Highlighting the work of Brumsic Brandon Jr. and Barbara Brandon-Croft at the Billy Ireland Cartoon Library and Museum

Image that reads Still Racism in America A Retrospective in Cartoons
Image credit: Billy Ireland Museum and Library
Interior image of Still Racism in America exhibit at Billy Ireland
Image credit: Tiffany Babb

Brumsic Brandon Jr. (1927-2014) and Barbara Brandon-Croft (born 1958) are cited as the only father-daughter cartooning pair, and the exhibit Still… Racism in America: A Retrospective in Cartoons at the Billy Ireland Cartoon Library and Museum celebrates and contextualizes the importance of their work.

Photo of a Brumsic Brandon Jr. cartoon of a white figure hitting a black figure with a stick, the black figure turning in retaliation, and the white figure running away and pointing
Image credit: Credit Brumsic Brandon, Jr. Art Trust

The exhibit, which mostly focuses on Brumsic Brandon Jr.'s work with Brandon-Croft's more modern, reactive commentary comics dispersed throughout, is a fascinating snapshot of a history that does not feel very far away at all.

Image of Barbara Brandon-Croft original art
Image credit: Barbara Brandon-Croft

Brandon's work (especially the editorial cartoons) is funny and cuts straight to the bone. There's a brilliance to his comics and a wonderful playfulness to his figures, even when they're dealing with serious topics. Brandon's comics, decades old, feel like they could have been published yesterday and are so relevant it adds a sense of exacerbation to the reader's experience, whether he touches on topics like white flight or police brutality.

Original art of Brandon's strip Luther (one of the earliest popular comics to feature an African American character as lead, nationally syndicated until 1986), in particular, is wonderful to see on display. Though Luther is Brandon's most popular work, the exhibit also displays some of his paper collages, which he turned to once Parkinson's affected his ability to draw with a pen.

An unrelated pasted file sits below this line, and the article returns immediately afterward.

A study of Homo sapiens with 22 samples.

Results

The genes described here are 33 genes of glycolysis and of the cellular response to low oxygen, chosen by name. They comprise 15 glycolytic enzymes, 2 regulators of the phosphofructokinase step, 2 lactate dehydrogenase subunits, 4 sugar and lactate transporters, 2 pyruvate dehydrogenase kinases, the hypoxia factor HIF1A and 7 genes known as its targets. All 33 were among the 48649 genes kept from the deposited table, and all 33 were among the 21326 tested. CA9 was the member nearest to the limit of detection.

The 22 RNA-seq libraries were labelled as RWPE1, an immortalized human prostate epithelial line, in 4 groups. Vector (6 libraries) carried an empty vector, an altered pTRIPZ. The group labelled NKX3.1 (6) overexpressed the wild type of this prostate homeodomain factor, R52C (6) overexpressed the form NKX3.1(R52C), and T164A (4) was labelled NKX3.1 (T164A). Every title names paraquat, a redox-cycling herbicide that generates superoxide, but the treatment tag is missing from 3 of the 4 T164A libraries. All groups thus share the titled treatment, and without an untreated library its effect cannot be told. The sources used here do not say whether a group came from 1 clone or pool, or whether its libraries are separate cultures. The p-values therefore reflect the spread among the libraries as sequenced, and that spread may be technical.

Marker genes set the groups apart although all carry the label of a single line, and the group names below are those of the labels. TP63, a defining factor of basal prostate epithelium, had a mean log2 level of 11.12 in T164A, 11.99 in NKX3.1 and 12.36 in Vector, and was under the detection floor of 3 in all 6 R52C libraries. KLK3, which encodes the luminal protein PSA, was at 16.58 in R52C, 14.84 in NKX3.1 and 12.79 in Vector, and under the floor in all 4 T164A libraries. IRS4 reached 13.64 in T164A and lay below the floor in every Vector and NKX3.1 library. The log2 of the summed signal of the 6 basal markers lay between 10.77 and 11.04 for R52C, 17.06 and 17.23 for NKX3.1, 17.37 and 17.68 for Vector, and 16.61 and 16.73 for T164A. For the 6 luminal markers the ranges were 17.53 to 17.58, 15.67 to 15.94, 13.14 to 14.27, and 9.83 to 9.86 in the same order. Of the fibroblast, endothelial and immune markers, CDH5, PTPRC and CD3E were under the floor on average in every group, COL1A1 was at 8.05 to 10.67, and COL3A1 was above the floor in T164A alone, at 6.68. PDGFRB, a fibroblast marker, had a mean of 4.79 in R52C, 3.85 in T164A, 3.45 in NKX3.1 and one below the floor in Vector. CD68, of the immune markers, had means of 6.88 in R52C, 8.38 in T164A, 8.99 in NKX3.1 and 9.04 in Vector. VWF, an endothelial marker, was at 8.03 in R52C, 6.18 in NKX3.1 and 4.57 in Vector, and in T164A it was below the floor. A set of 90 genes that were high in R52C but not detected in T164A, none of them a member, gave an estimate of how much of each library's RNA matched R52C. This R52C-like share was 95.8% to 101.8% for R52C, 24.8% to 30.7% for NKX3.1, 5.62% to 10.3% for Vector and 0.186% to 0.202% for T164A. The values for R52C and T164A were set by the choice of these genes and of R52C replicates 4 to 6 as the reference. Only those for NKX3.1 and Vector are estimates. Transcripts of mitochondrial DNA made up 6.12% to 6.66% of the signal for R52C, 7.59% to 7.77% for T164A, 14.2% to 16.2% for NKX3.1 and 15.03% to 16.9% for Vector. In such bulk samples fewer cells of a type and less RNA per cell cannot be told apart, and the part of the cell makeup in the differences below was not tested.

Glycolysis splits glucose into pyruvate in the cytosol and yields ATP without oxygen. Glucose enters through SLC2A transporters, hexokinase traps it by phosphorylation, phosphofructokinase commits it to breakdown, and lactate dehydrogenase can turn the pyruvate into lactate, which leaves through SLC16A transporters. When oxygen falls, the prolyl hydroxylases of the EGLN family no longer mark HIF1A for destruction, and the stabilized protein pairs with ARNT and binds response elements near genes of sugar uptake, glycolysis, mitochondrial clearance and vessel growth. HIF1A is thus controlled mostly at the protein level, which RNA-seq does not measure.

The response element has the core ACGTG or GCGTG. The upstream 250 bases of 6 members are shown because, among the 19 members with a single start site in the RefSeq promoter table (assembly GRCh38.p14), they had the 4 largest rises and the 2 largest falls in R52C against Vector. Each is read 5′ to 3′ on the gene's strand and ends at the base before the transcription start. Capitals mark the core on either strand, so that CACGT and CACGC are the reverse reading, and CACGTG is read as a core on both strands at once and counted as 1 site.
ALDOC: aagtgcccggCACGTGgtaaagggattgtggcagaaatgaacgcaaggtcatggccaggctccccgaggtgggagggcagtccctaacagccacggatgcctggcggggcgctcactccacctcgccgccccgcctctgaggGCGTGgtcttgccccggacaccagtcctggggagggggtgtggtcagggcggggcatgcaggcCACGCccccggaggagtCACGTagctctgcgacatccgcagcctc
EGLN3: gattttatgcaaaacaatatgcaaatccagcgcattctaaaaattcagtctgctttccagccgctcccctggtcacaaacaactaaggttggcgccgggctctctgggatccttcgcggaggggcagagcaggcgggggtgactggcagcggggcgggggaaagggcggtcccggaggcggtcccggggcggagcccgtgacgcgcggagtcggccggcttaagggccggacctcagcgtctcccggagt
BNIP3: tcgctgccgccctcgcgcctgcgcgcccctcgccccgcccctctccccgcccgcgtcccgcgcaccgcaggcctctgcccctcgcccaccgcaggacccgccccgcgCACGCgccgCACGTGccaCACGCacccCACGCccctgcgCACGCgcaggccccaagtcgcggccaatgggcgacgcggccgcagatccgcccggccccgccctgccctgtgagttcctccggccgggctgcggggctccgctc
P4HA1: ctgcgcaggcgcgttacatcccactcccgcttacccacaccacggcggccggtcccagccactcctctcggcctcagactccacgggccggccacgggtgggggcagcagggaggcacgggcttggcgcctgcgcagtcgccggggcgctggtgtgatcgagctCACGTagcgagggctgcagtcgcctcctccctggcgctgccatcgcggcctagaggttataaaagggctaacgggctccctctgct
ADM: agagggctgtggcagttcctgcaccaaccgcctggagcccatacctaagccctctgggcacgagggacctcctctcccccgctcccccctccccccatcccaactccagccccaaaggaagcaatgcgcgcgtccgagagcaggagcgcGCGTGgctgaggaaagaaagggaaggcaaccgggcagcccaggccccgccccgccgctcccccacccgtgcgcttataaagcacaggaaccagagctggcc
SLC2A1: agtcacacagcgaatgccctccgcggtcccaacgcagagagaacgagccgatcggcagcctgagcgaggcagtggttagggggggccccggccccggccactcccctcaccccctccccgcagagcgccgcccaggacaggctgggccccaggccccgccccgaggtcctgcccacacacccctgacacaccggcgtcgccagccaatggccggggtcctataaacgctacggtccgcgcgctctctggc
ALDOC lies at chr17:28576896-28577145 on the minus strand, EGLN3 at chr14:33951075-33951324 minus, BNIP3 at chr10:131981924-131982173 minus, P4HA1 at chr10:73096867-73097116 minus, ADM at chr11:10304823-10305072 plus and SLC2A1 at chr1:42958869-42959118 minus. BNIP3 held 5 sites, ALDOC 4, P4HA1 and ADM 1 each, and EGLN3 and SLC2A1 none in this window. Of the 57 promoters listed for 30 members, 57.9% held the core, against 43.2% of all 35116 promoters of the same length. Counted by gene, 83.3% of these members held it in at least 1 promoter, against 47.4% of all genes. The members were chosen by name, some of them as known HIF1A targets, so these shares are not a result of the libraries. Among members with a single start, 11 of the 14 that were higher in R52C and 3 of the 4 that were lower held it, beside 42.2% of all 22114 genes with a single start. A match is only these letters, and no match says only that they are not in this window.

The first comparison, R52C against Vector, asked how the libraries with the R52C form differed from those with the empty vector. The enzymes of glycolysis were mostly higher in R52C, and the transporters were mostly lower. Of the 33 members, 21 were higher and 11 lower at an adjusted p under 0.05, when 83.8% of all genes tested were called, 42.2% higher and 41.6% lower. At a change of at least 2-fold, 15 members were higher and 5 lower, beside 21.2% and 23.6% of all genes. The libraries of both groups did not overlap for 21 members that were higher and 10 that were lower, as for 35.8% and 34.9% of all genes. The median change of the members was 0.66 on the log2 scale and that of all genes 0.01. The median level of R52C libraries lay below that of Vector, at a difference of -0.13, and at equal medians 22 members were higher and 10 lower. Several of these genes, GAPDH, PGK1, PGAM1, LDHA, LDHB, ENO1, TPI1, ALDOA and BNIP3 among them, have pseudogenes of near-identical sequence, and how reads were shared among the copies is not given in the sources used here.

Interspersed throughout the exhibit is art from Barbara Brandon-Croft (born 1958)'s Where I'm Coming From (distributed until 2005) with which she became the country's first Black woman cartoonist to appear in mainstream press. Brandon-Croft's comics take a more conversational, modern bent to her topics, and span up even to this year with a cartoon about Justice Kentanji Brown Jackson.

This exhibit is definitely worth visiting, as it shines light on the work of two really interesting artists who have covered the impact and individual scope of racism in America through their comics for decades.

Still… Racism in America was curated by Tara Nakashima Donahue originated in New York City at the Medialia Gallery. The instillation at the Billy Ireland includes original Luthor cartoons from the Brumsic Brandon, Jr. Collection at the Billy Ireland.

If you're interested in stopping by the Billy Ireland in Columbus, the exhibit will remain on display until October 23, 2022, from Wednesdays to Sundays at 1:00 pm - 5:00 pm at the Friends of the Libraries Gallery, Billy Ireland Cartoon Library & Museum, Sullivant Hall, 1813 N. High St. Columbus, Ohio 43210.


If you're checking out Still… Racism in America, make sure to visit Celebrating Sparky, the Charles M. Schulz exhibit, just in the next room over.